On Monday, January 6, 2014 the Southern Coalition for Social Justice will present oral arguments before the North Carolina Supreme Court, urging the court to find that the 2011 redistricting maps are unconstitutional and racially discriminatory.
During the summer 2013 trial, the Southern Coalition for Social Justice represented several statewide nonpartisan groups seeking to overturn racially-packed voting districts in North Carolina in the consolidated cases Dickson v. Rucho and NAACP v. NC. On July 8, 2013, shortly after the U.S. Supreme Court gutted the Voting Rights Act, a three-judge panel in North Carolina state court unanimously rejected all challenges to the 2011 redistricting plans for Congress, State House and State Senate. You can read the full lower Court Decision here.
SCSJ has argued that redistricting maps were racial gerrymanders, unfairly dividing the state into “black districts” and “white districts,” in violation of the U.S. Constitution and the state constitution. In doing so, the ability of minority voters to participate equally in the political process was intentionally limited.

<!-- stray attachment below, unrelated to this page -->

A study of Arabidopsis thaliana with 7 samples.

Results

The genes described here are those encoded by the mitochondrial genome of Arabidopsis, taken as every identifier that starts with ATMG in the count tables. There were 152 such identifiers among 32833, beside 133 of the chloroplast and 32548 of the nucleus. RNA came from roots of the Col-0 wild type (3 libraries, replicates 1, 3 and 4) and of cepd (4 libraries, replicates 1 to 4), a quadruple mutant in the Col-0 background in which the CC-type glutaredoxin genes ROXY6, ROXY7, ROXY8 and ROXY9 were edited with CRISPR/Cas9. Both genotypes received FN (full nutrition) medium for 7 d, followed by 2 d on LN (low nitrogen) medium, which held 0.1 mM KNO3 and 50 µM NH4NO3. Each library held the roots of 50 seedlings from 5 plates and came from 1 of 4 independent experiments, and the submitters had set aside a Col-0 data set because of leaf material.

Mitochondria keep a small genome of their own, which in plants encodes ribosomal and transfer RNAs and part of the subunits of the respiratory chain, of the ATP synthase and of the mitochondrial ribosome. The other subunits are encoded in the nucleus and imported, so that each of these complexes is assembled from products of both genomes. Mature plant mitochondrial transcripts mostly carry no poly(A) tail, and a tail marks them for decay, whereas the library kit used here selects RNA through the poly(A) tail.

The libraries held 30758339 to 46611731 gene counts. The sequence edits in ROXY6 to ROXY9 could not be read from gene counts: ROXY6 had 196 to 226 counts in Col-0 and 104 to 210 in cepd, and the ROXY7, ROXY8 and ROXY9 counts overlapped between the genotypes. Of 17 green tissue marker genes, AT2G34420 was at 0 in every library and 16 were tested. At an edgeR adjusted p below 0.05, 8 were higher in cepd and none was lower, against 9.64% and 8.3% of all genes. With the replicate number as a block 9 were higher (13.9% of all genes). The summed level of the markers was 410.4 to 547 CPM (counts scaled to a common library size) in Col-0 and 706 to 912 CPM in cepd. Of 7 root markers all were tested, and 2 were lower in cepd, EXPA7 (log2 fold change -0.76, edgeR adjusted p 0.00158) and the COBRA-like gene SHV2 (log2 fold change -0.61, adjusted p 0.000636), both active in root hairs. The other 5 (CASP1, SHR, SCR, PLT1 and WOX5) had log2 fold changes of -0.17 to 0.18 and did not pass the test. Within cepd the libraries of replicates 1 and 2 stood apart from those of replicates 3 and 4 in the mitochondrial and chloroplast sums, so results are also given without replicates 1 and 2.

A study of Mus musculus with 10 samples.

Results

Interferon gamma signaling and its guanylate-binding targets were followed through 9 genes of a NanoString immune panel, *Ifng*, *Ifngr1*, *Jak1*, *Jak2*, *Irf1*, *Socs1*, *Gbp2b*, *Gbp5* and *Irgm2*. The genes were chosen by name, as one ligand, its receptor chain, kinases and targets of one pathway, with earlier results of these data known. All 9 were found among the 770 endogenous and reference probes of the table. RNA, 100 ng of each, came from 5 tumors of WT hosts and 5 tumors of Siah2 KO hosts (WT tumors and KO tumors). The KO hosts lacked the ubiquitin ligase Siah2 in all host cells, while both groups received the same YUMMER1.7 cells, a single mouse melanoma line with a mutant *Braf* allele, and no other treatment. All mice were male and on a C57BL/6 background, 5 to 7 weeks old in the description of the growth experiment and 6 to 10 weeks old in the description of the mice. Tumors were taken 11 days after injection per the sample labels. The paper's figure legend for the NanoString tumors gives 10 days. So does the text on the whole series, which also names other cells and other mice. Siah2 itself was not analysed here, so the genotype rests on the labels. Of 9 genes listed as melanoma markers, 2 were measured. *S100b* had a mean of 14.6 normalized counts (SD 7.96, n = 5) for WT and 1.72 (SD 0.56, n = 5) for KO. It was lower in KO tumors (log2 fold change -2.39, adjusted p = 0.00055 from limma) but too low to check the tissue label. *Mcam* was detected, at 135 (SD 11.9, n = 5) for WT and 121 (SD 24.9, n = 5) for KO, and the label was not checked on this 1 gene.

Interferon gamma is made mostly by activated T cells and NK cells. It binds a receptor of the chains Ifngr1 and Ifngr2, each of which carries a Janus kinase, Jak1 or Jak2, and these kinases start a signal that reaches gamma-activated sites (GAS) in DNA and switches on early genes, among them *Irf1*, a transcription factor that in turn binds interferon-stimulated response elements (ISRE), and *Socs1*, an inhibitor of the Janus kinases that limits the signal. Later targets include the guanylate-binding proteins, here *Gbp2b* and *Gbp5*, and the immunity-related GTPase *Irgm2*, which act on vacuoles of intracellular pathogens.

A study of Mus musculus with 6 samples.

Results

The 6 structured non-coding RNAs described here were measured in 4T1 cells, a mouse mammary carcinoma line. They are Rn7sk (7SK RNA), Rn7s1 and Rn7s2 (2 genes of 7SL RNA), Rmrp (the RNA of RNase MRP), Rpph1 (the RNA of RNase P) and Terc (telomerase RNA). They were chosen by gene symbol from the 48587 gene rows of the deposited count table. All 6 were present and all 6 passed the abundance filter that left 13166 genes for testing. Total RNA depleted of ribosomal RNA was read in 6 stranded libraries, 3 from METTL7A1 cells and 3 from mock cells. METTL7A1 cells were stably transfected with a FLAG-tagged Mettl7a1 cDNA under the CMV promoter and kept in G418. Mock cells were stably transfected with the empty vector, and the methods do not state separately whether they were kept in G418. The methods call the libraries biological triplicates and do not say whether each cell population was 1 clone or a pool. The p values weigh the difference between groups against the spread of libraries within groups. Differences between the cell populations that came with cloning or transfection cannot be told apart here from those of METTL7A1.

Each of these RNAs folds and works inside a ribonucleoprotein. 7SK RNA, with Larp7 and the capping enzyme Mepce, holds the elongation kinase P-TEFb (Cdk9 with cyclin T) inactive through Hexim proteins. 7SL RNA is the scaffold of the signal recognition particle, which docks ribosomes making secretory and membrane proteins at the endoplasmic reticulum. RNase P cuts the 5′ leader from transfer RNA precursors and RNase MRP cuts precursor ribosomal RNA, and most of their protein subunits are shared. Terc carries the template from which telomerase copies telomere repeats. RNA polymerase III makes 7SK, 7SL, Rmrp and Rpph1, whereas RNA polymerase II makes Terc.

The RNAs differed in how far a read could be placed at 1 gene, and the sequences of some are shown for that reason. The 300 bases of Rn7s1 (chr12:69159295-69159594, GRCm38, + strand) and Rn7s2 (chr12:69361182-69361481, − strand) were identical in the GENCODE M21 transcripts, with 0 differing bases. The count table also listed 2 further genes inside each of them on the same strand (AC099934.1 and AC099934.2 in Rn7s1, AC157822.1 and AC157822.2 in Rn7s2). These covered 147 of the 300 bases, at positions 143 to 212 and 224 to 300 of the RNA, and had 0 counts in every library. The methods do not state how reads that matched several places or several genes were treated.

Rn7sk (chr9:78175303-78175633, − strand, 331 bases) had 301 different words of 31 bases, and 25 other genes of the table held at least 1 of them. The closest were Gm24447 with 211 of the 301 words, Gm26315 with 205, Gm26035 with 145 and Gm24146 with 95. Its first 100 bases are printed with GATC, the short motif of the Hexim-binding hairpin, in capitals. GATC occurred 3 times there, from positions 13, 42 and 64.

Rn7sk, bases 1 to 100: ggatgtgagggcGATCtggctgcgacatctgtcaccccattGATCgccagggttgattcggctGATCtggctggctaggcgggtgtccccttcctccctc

SCSJ also argued that the plans violated the North Carolina constitution’s demand for geographically compact districts. The enacted plans contain districts that are grossly non-compact and split far more precincts than prior or alternative plans.
Post-election analysis conducted by the Southern Coalition for Social Justice and presented at trial showed that the 2011 redistricting plan placed one in four North Carolina voters into “split precincts,” leading to widespread confusion about who would be on the voter’s ballot on Election Day and resulting in the actual disenfranchisement of thousands of voters. These districts also placed a difficult burden on elections officials, who often struggled to assign voters living in split precincts to the correct districts. Across the state, thousands of voters assigned to the wrong district received the wrong ballot on Election Day. Those living in minority communities were disproportionately affected by this error.
At the Supreme Court level, our arguments are augmented by three amicus briefs, two by prominent legal scholars and one by an enterprising law student. The amicus briefs, as well as our response brief and request for a temporary restraining order to keep the discriminatory districts from being used in 2014 elections, are available below.